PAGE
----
Phillip Eng made the trains run on time – and that’s why he was announced Monday as the general manager for the MBTA, to officially begin work April 10.
“When I took over the [the Long Island Rail Road], it had the worst on-time performance in decades. Little by little, we invested in the things that caused those problems” and turned around performance, Eng said Monday during a press conference. “Sometimes you have to spend a little money to save a little money.”
When he retired as president of the Long Island Rail Road in February 2022, it had the best performance in its history.
Now he’s bringing to the Massachusetts Bay Transportation Authority his background as an engineer and experience: with the LIRR, but before that as chief operating officer of the Metropolitan Transportation Authority and interim president of the New York City Transit. Despite all that time in New York, he promised he’s not a Yankees fan.
The T is “the best transit system in the world, and that’s why I’m here,” Eng said, adding that he too is a commuter and, when he relocates to Greater Boston, he’ll use the services of the system he’s tasked with running and fixing. In fact, he’s used the T since he’s been in Boston; he used the green line to get to the press conference introducing him to the press and public at Riverside Station in Newton. “I had a chance to talk to a lot of riders today. And while they are frustrated, they love the T.”
Gov. Maura Healey and state transportation secretary Gina Fiandaca said they looked at a number of candidates before choosing Eng.
“This is probably the most important appointment I’ve had to make,” Healey said. “And I say that as governor knowing how desperate the public is for leadership and a turnaround.”
The T has been plagued for years by slow zones, problems with day-to-day operations and deferred maintenance. After a Department of Public Utilities request revealed inconsistencies and missing documentation in track maintenance paperwork, interim general manager Jeff Gonneville called for a global slowdown that only lifted late St. Patrick’s Day weekend. Nearly 25 percent of tracks have slow zones in place.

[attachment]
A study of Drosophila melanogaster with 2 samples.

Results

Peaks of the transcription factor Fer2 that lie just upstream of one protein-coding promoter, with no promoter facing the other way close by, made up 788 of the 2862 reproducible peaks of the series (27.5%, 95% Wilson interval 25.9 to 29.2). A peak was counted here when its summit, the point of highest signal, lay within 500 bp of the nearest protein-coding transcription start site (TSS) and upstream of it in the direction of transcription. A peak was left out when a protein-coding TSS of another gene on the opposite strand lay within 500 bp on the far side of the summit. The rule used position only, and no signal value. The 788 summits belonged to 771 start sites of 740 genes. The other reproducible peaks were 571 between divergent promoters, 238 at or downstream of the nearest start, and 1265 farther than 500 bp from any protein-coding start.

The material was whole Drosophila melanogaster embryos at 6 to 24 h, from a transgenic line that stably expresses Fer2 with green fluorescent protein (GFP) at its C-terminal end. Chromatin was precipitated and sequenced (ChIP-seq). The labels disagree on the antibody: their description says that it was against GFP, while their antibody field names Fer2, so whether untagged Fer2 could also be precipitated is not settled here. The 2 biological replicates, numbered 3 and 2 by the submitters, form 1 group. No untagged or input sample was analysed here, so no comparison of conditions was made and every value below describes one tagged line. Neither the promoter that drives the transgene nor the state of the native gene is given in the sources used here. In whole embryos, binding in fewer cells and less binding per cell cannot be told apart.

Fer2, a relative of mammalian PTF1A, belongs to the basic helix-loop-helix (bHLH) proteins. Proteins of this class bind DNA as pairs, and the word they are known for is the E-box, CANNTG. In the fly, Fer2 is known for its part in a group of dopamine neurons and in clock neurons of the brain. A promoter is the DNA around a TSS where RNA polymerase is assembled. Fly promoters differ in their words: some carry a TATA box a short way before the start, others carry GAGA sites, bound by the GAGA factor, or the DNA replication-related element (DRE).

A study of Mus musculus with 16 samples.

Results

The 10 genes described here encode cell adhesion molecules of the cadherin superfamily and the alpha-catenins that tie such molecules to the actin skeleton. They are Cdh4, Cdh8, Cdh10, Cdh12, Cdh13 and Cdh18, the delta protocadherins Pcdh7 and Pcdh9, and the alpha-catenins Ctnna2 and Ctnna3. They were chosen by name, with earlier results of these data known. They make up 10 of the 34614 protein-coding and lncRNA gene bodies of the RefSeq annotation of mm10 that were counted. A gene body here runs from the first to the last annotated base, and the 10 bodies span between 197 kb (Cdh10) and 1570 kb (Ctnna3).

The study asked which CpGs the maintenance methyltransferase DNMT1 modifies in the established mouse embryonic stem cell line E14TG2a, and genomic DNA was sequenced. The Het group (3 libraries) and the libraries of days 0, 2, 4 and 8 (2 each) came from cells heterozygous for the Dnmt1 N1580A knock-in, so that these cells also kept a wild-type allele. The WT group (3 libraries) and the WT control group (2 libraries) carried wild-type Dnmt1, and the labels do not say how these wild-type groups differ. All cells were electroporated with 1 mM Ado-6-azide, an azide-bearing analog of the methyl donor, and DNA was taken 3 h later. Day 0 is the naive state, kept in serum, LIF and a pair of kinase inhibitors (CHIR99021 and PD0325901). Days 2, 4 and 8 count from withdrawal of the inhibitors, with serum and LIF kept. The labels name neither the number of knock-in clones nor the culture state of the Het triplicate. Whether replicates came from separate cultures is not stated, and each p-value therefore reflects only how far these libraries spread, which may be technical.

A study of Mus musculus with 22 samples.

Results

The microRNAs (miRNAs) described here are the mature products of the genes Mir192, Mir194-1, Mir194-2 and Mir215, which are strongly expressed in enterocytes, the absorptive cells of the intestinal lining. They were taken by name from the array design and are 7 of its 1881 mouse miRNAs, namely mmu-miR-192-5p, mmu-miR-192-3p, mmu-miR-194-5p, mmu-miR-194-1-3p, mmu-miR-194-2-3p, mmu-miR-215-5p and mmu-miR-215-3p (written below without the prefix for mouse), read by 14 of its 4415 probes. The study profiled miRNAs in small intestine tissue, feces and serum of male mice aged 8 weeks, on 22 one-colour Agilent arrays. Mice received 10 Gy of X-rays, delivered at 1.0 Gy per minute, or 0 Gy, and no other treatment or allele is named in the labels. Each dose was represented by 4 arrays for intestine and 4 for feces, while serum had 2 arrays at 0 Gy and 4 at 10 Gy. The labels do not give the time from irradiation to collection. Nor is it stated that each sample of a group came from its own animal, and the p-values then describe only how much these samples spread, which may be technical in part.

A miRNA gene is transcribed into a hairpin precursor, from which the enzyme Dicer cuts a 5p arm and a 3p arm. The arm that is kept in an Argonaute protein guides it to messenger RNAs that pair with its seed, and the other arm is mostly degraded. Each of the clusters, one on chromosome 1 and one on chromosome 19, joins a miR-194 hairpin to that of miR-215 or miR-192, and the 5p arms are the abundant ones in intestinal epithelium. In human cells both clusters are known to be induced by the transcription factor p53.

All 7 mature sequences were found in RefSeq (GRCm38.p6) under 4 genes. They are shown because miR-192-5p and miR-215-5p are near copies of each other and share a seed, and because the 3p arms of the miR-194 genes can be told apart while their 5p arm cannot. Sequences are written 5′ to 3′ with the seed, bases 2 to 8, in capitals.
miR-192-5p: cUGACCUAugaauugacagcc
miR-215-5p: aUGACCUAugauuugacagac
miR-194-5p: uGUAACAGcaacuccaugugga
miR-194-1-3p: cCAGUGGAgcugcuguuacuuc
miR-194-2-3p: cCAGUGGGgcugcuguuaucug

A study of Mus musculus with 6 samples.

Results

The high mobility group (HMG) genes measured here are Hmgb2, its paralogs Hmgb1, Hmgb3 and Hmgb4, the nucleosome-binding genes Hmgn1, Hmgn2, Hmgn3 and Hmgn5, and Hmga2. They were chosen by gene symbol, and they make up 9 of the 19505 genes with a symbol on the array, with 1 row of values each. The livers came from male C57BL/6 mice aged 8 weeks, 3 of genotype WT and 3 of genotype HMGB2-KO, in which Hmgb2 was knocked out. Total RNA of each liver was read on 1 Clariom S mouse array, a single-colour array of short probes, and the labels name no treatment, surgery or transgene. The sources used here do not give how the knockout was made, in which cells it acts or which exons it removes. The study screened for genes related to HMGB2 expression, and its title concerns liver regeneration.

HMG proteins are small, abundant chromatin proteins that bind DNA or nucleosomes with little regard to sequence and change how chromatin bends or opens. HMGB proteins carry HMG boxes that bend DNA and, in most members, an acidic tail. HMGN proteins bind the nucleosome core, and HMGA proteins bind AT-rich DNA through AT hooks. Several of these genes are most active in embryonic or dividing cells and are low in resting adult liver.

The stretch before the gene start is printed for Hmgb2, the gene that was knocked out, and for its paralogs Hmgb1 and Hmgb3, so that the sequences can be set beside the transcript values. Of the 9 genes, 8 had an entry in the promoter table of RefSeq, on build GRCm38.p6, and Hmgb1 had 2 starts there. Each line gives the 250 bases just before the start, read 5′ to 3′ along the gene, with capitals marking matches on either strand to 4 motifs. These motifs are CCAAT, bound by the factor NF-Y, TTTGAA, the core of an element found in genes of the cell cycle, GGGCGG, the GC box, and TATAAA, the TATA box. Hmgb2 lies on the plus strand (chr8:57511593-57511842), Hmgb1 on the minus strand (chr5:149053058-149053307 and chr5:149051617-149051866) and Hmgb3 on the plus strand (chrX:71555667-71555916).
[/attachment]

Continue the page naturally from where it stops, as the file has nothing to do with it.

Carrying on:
Eng says he’s ready to tackle all of it.
“When [transit is] not functioning the way it should, when it’s not safe and it’s not reliable, everyone suffers,” Eng said. “It’s not going to happen overnight, but you will see meaningful manageable steps.”
Eng said it’s time for a new way of doing things at the T. He invited riders to talk to him “when they see him” on the T and said he wants to engage and empower workers, along with hoping to make the T a great place to work so people will want to work there.
Fiandaca said the public can celebrate Eng’s “passion for public transportation.”
Transit advocacy groups such as Livable Streets and TransitMatters were cautiously optimistic.
“This is progress,” Livable Streets executive director Stacy Thompson said. The work will be slow and it could be a “bumpy summer,” but she sees Eng as the right pick.
“Eng comes with about four decades of experience, and I think that’s what the T needs right now,” she said. “We need someone who gets the nuts and bolts of running a transit system, someone who literally has the experience of getting the trains back on track, someone who is going to be cool with doing the unsexy work. Fewer ribbon-cuttings and more just maintenance repairs and hiring – at least in the short term.”
She praised Gonneville on starting the push toward transparency and hiring, and said Eng needs to continue it, as well as keep working with transit unions.
Jarred Johnson, executive director of TransitMatters, said he too wants to see the record of transparency and decisive action started by Gonneville continued and bolstered, as well as restored subway services and bus routes.
“The agency needs a vision,” he said. “That vision must include making the T an agency current riders and staff can be proud of and building a system that serves our growing region and provides a workplace environment that is competitive for the future.”
That’s right in Eng’s wheelhouse.
“There’s no question the challenges before us are great,” Eng said. “I’m going to work every day to earn the trust of the people of Massachusetts. The work force I met today and the workforce I know exists are great … People are ready to step up.”
Eng began his career with the New York State Department of Transportation in the 1980s, working his way up to executive deputy commissioner and chief engineer from 2013 to 2017. He worked for the MTA as chief operating officer, overseeing performance and efficiency including the NYC Transit Authority, Metro-North Railroad, Long Island Rail Road and MTA Bridges and Tunnels. He served as interim president of NYC Transit, where he implemented an $836 million subway action plan to fix aging infrastructure; he moved to the MTA Long Island Rail Road in 2018. As president there, he oversaw performance and operating times and launched “customer conversation” forums and “meet the manager” station settings.
After retiring in 2022, Eng moved to LiRo Group as executive vice president, advising public- and private-sector clients on engineering, transportation and infrastructure projects. He has worked with a number of public transportation clients across the Northeast, including the MBTA.
Eng will be relocating from Smithtown, New York, with his wife, Carole. His daughter attends Northeastern University in Boston.